X-Men Misfits, Vol. 1
written by Raina Telgemeier and Dave Roman
illustrated by Anzu
Have you ever dreamed of an X-Men comic drawn in shoujo style where all the characters are teens, the boys are pretty, and one girl is caught up in the whirlwind of it all? If you haven’t started vomiting by now, then you’re in luck, because X-Men Misfits is just that! Please stop laughing. This is a real book.
Kitty Pride is a teen with one big issue. She has a tendency to fall through solid objects. Her power alienates her from her schoolmates, who think she’s nothing but a freak. Then one day, professor Lehnsherr, a.k.a. “Magneto,” approaches her parents with the offer of a full scholarship to Xavier’s Academy for Gifted Youngsters. And by gifted, he obviously means “mutant.” Although a bit terrified of being among strangers, Kitty decides to take up the opportunity for a chance at finding someplace she can belong.
The academy is beautiful, but Kitty quickly notices something strange…she’s the only girl there. Cue the love triangle. Kitty finds herself instantly attracted to Bobby the “Iceman” but is quickly swept up by an exclusive group of boys known as The Hellfire Club. The club has special privileges, but Kitty feels less and less comfortable as time passes when she realizes that they seem to lack morals. Even her new boyfriend, John (“Pyro”), has become intensely controlling. She starts to wonder if she truly belongs in The Hellfire Club, or even at the academy at all. When an incident in New York City turns the school upside down, things may never be right again.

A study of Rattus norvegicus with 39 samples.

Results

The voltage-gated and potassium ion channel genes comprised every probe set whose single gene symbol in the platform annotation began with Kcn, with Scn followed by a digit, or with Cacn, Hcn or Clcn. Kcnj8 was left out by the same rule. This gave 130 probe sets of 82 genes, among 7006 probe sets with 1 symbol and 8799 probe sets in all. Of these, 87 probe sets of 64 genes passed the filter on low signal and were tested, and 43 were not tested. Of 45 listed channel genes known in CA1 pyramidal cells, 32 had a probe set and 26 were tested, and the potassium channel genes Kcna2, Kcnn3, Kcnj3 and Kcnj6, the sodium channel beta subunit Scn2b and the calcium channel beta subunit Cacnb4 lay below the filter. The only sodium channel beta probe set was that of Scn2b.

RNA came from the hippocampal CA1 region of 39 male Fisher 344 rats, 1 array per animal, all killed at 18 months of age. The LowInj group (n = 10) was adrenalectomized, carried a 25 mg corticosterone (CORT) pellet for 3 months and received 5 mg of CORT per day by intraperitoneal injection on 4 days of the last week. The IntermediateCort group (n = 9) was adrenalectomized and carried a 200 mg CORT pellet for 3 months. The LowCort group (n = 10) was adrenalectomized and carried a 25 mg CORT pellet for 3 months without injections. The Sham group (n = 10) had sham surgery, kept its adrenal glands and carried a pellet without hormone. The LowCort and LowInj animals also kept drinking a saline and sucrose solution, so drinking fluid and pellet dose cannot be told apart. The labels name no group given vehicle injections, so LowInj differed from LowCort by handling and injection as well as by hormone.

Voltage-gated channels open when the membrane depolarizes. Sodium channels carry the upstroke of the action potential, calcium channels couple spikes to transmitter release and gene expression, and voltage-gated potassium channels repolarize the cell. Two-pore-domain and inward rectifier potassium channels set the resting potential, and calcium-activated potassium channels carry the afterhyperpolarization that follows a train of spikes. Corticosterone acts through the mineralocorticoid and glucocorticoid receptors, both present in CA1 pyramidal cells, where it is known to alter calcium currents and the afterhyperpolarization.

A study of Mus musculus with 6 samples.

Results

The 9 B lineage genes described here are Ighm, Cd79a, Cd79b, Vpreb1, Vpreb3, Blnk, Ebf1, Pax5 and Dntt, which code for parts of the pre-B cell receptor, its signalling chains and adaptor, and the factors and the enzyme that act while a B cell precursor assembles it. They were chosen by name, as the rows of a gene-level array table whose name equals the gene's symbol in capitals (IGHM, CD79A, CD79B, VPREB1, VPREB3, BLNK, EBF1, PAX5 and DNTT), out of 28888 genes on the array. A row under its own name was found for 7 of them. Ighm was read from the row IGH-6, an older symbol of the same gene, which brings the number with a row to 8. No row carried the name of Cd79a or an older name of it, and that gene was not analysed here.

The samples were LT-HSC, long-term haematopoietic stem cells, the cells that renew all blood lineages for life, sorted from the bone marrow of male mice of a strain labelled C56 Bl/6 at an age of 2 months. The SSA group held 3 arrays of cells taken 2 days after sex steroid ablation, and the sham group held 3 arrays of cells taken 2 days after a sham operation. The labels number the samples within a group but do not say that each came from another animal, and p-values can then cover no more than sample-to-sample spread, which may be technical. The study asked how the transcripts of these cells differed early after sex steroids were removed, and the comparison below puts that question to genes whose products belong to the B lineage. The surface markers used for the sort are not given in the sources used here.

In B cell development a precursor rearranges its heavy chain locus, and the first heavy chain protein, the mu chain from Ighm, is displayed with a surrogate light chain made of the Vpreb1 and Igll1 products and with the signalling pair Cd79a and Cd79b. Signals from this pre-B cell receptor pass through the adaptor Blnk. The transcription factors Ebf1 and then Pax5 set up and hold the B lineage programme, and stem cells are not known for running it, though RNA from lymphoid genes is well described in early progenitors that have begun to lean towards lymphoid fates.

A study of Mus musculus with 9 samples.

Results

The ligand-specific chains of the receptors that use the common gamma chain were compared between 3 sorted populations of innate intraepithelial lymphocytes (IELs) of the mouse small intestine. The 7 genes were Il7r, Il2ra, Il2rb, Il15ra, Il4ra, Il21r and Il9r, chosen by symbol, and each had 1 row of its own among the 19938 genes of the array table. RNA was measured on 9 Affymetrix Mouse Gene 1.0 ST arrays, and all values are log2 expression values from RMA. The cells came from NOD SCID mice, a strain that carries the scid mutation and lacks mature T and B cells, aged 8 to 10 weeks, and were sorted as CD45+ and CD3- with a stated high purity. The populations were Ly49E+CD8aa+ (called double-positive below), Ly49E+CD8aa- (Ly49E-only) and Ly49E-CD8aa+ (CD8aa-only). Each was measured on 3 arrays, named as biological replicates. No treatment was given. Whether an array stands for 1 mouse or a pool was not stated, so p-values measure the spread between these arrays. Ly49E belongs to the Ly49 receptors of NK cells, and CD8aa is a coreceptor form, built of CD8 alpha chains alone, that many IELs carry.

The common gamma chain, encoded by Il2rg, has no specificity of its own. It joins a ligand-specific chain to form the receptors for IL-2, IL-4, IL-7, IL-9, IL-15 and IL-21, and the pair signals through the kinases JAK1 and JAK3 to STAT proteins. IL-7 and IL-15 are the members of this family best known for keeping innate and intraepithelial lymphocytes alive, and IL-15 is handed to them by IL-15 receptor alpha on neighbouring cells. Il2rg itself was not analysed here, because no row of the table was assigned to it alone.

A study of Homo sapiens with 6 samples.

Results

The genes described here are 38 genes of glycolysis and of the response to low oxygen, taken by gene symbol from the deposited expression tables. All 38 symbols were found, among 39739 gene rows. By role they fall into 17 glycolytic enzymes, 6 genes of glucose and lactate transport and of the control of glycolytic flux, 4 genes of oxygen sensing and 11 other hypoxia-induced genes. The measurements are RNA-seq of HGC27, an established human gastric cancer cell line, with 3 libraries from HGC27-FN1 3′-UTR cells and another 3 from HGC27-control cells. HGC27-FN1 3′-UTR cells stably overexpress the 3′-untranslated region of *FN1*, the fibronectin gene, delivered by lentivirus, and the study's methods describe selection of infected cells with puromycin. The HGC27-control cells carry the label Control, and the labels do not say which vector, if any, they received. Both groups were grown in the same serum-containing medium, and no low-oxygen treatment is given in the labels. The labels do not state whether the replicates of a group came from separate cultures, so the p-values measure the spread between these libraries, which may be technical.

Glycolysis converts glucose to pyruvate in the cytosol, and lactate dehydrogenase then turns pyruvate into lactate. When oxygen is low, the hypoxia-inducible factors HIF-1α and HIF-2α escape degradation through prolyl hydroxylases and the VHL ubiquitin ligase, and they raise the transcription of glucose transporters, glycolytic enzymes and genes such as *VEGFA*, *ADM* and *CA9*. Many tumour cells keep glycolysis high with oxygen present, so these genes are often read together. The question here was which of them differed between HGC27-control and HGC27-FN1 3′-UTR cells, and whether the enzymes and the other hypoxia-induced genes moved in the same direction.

Frankly, it’s a little difficult to take X-Men Misfits seriously. So make it easy on yourself and don’t even try to. This series is a completely different take on the iconic X-Men franchise. First off, the art style is rooted in shoujo manga, which means the look is more Japanese and all the boys are eye candy. Is that fuzzy bear professor supposed to be Beast? Secondly, the story focuses more on Kitty’s awkwardness of being placed in a situation where she’s surrounded by handsome boys. This series can be compared to a “harem” story, but it’s meant to be more of a drama than a comedy, kind of like Boys over Flowers meets Vampire Knight…emphasis on “kind of.”
Although the series is rated 13+, it would still be suitable for slightly younger readers. Most likely, this will only appeal to girls. There is a little action, but generally, the art and conflict are geared toward a female audience. It might be a little too “girly” for males. It is also unlikely to appeal to hardcore X-Men fans because it’s far from canon. The same story could have been told without the X-Men branding. Nonetheless, X-Man Misfits is a surprisingly refreshing take on a franchise that has been passed on from writer to writer for decades.